Staff of the Frederic Chopin airport in Warsaw, Poland, prepare to move a Boeing 767 of Polish LOT airlines to unblock one of the airport's two runways and allow for air traffic on Wednesday, Nov. 2, 2011. The plane on a flight from Newark, U.S., with 231 people on board, made a safe emergency landing on its belly on Tuesday after its landing gear failed to open. Staff of the Frederic Chopin airport in Warsaw, Poland, prepare to move a Boeing 767 of Polish LOT airlines to unblock one of the airport's two runways and allow for air traffic on Wednesday, Nov. 2, 2011. The plane on a flight from Newark, U.S., with 231 people on board, made a safe emergency landing on its belly on Tuesday after its landing gear failed to open. (AP Photo/Czarek Sokolowski)
By Monika Scislowska
Associated Press / November 3, 2011


Father Piotr Chyla told The Associated press Thursday that he made the sign of the cross and whispered final absolution for all the 231 people on board while the pilot -- who has attained hero status -- guided the plane to the ground without wheels after its landing gear failed to deploy.

Chyla says he now credits God, as well as Capt. Tadeusz Wrona and his crew, for the safe landing that some in Poland have hailed as miraculous.

Chyla's story emerged two days after the drama riveted the predominantly Catholic country, with many still processing their emotions as the event was replayed over and over in the media.

Warsaw's international airport is back in full operation after the emergency landing shut it down for around 30 hours. Officials, meanwhile, are focusing investigations on trying to determine why the landing gear on the flight from Newark, New Jersey, failed to open.

Passengers have described the landing as so smooth they thought it was normal -- at least until they saw smoke, small flames and sparks rising from the plane. Emergency workers doused the plane and nobody was hurt.

Chyla says he is not saying the safe landing was a miracle, "but one cannot exclude that God helped" in saving everyone.

"We should put together the human dimension -- the excellent pilot, the professional cabin crew and the ground staff -- together with the Godly dimension," he said.

"There could have been many outside factors that could have prevented a safe landing, like wind," he added.

He said that as he prayed he gripped a tiny lock of hair belonging to the late John Paul II, the much-loved Polish pope who was beatified in May, and relics of Gianna Beretta Molla, a 20th century Italian saint.

Chyla refused to say where he got the hair, however, relics are a common object of veneration for many Catholics. A vial of John Paul's blood, for instance, was placed in the altar of a new church near Krakow earlier this year, serving as a focal point of prayer.

Members of the cabin crew also gave credit to the passengers for obeying instructions, staying calm and evacuating the plane in just over one minute.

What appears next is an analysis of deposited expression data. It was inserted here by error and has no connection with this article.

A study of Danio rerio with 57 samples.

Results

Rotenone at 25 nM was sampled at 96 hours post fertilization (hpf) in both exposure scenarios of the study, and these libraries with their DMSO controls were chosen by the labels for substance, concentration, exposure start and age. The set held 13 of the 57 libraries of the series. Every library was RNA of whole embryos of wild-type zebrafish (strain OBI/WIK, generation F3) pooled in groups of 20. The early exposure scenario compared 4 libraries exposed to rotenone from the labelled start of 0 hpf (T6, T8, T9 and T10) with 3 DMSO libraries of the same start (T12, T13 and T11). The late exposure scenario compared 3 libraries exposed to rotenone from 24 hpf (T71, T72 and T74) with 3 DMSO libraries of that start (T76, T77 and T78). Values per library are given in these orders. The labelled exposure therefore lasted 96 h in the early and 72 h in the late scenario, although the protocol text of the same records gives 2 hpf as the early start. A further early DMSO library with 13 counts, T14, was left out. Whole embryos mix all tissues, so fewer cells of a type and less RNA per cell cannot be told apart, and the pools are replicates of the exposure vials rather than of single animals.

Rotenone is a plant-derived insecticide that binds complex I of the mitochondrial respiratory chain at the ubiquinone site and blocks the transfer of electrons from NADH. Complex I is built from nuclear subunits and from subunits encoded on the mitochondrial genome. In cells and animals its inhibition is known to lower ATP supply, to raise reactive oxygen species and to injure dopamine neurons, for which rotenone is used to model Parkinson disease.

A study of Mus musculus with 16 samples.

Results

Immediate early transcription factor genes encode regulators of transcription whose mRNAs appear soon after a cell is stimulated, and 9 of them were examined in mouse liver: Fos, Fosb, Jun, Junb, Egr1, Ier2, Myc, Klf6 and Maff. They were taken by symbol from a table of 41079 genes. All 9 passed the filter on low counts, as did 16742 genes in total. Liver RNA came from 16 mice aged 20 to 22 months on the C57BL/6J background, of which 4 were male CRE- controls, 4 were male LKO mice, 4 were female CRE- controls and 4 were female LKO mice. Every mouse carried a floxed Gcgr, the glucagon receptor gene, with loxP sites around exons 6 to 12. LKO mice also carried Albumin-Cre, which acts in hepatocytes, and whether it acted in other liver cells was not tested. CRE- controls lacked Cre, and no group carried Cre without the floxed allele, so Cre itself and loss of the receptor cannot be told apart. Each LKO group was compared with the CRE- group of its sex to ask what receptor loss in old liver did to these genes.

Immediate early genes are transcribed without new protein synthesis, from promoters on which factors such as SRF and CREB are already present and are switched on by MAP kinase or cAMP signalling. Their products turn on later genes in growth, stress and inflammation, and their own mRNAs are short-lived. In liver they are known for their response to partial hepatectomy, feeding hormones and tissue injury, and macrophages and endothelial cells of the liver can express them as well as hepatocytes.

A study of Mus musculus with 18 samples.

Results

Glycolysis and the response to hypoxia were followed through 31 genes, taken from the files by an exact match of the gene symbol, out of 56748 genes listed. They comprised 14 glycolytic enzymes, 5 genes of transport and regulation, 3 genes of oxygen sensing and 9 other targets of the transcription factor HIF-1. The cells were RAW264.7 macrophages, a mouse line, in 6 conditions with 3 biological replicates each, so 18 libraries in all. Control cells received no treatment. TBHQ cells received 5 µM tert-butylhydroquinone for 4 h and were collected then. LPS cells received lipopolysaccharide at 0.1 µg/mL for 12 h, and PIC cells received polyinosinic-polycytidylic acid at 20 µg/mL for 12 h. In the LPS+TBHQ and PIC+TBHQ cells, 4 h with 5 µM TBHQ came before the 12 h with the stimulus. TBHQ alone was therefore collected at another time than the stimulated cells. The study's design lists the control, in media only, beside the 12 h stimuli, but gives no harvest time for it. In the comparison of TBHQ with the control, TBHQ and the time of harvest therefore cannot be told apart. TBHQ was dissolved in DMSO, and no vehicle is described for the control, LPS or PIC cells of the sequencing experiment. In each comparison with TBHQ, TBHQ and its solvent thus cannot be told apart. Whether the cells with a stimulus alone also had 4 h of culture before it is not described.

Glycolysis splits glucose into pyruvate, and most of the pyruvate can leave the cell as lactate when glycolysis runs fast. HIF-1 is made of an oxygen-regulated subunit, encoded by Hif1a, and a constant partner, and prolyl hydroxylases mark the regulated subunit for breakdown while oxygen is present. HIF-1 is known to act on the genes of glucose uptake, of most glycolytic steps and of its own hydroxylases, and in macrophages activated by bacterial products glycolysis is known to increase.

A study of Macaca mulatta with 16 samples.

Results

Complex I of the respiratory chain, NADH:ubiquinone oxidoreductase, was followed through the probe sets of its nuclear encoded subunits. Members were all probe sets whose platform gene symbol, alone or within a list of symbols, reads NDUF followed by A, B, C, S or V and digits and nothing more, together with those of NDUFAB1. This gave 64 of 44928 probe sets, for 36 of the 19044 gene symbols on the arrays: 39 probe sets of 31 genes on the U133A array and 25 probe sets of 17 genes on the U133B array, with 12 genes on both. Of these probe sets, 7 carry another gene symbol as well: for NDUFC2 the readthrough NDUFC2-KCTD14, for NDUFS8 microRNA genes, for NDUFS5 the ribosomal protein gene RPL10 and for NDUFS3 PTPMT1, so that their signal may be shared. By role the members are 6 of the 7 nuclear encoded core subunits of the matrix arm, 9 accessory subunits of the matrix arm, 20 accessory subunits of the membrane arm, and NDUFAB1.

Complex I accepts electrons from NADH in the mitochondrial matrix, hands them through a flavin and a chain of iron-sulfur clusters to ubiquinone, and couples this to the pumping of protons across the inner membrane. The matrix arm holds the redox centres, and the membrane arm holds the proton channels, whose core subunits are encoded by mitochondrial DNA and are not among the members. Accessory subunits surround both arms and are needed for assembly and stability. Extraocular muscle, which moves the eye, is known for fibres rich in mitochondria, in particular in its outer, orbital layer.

But the flight attendants, speaking at a news conference in Warsaw, said the landing was very emotional, even for themselves.

"It was after we carried out all the duties and sat down for the landing that it came to me that these could be the last minutes of my life," said flight attendant Grzegorz Pietrzyk. "That was the most difficult moment."

"I was thinking about my family, my children, my wife, my brother and I wanted very much to see them again," Pietrzyk said.

The cost of closure to Warsaw's Frederic Chopin airport is around 2 million zlotys ($620,000) and disrupted the travel of thousands, airport director Michal Marzec said. He said the airport usually handles about 30,000 passengers a day at this time of the year.

The State Commission on Aircraft Accident Investigation and Warsaw prosecutors have said they are holding separate investigations into the cause of the malfunctioning of the plane, which underwent full maintenance in March.

LOT has said that the 14-year-old plane -- among the youngest in the airline's 52-plane fleet -- suffered "a central hydraulic system failure," that caused all three sections of the landing gear -- the nose gear and the two main underwing gears -- to fail. Such a complete undercarriage failure was unprecedented for a Boeing 767 and highly unusual overall, according to aviation data and experts.

LOT President Marcin Pirog said technicians were able to release the undercarriage from the cabin on Wednesday, but stressed it was too early to say what the problem on the flight was.

He said the plane was in better condition than could have been expected and it could possibly re-enter service. Meanwhile the airline was seeking to lease a plane to replace the grounded aircraft.

Pirog said all LOT Boeing planes will go through tests in the coming weeks.

Among the passengers who saw their travel disrupted by the airport's closure were dozens of rabbis from across Europe who had gathered in Warsaw for the largest such gathering in Poland since the nation's Jewish community was virtually wiped out in the Holocaust.